Manta Rays: Sangalaki Island
Sangalaki is a small bounty island to the west of Maratua. There used to be
a dive resort but it is now closed, and the island has been turned into the
Kepulauan Sangalaki Marine Wildlife Reserve due to the large amount of green
turtles that use the white sandy beaches to lay their eggs.
The currents around Sangalaki apparently concentrate plankton and small crustaceans to the extent that the waters become a genuine larder for hungry manta rays – all year round according to everybody we asked. When we probed a bit the locals did admit that there had been a three months' period four years ago when the mantas suddenly disappeared. That would have been in 1998, and a fair guess would be that El Niño also took his toll here like so many places in the Indian and Pacific Oceans.
The dive site Manta Cleaning Station has a maximum depth of approx. 15 metres. There is a “runway” of sand surrounded by coral pinnacles and bommies that goes parallel to the current. We didn't fancy getting stuck in table corals or knocking large fans about so our only option was to sit ourselves down on the sandy bottom on the runway with our backs against the current and our heels placed firmly in the sand. It looked silly but it worked.
In this way we slowly but surely slid along the bottom towards to cleaning station. We got really close after a while and saw a couple of huge mantas descend upon a rock and make themselves available to literally every kind of small fish in the neighbourhood. One of the mantas was cleaned inside out by gobies, bannerfish and wrasse.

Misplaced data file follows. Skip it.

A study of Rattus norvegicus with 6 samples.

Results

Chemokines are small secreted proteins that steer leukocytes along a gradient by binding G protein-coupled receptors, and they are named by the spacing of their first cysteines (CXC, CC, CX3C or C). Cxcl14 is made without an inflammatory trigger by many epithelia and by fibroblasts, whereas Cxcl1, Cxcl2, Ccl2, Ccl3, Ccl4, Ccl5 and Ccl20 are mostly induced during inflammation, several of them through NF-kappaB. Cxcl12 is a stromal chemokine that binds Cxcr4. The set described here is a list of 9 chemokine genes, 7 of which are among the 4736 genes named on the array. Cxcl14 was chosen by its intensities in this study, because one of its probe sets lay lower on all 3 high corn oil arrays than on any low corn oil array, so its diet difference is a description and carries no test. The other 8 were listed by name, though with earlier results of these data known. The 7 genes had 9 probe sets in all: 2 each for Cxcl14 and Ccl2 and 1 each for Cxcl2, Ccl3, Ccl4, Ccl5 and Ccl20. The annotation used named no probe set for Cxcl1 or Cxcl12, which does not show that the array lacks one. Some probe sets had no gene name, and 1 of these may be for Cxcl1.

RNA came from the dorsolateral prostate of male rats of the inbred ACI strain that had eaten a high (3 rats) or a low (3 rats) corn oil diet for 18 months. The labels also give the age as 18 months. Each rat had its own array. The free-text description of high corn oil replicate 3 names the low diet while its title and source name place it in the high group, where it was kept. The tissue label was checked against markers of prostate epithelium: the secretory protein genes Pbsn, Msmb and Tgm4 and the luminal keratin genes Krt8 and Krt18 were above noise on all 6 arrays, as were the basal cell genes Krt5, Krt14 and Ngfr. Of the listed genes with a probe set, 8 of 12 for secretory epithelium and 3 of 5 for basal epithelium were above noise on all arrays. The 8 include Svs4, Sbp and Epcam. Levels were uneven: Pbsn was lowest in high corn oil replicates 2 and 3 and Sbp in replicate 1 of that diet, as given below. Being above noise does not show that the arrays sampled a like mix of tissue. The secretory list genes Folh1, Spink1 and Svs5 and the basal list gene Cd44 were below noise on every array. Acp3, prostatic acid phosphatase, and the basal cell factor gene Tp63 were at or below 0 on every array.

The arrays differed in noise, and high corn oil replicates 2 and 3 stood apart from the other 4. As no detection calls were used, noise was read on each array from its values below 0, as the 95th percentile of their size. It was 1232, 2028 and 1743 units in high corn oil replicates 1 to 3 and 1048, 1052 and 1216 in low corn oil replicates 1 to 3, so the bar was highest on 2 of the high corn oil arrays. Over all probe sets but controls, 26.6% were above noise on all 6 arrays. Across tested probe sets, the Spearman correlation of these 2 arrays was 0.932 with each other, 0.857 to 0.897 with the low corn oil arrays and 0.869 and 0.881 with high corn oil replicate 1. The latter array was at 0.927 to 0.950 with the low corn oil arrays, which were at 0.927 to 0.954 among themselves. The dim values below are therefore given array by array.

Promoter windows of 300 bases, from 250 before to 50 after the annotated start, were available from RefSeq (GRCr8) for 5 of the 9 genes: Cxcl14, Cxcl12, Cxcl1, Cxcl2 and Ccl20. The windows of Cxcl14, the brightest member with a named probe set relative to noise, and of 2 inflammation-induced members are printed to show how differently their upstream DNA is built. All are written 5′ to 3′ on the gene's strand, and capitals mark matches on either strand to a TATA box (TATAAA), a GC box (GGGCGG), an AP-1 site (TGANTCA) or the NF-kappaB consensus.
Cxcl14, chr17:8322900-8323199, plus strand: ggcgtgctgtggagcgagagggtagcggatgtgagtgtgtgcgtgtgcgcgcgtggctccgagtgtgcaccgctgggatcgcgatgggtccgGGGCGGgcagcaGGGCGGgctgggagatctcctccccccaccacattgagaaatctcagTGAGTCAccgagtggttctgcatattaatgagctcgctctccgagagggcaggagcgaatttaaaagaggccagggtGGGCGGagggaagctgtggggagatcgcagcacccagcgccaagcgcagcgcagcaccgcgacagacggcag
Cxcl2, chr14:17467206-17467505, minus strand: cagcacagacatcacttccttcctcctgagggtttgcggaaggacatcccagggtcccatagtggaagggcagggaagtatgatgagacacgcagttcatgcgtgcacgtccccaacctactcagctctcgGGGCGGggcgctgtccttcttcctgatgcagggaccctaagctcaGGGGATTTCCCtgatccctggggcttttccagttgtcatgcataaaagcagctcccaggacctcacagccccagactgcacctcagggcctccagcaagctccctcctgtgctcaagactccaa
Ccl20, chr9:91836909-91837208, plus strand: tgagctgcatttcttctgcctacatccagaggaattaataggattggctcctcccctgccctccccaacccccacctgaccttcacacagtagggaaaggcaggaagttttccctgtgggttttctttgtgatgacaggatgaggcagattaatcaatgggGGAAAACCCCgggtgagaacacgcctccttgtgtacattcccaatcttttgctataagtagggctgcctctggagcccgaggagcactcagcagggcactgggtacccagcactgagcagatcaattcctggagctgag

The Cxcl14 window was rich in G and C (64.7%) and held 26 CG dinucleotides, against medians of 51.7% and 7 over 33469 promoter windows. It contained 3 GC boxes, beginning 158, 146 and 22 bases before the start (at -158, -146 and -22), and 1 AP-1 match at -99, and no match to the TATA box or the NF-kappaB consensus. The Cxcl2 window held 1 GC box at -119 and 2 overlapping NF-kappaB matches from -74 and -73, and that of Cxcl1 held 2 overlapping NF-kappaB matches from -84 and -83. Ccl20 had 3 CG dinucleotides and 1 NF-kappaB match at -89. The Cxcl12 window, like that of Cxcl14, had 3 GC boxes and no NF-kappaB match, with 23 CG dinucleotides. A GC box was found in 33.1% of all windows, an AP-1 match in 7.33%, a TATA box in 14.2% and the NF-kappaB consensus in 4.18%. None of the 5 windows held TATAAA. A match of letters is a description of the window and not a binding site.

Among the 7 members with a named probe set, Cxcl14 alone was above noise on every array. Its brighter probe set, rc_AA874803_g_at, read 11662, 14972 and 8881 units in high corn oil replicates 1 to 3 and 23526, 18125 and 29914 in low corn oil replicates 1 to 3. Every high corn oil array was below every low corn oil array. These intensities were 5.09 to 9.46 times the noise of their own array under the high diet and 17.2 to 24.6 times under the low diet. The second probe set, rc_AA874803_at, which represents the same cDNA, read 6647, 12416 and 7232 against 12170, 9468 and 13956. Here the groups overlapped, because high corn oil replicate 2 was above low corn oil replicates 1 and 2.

The best part of the trip, however, came during our lunch break. The dive
boat drifted slowly with the current into an area not far from the shore. We
could see lots of small tail fins breaking the surface. A quick count led us
to believe that we were almost on top of some 40-50 manta rays busy foraging.
We very quickly put on suits, masks and snorkels and jumped in.
And there we were. In the middle of what could best be described as a manta ray feeding frenzy. We were at any given time surrounded by at least 6 or 8 mantas. The smaller ones reached some 1.5 metres across the wings and the larger ones about 4-4.5 m. They all kept on filter feeding quite oblivious to our presence, and some of them came so close that their wings brushed against us. Really, really, really awesome.
We got just a teeny-weeny bit paranoid by all those big hungry mouths incessantly coming towards us from all directions. Only at the very last second did they turn away and went either below us or to the left or right of us.
Usually manta rays have black backs and a white bellies. But here we also saw quite large mantas that were totally black. Our dive guide called them Darth Vaders, which seemed like a fair description. In all we managed to get five dives around Sangalaki Island – not forgetting the coolest snorkelling trip ever.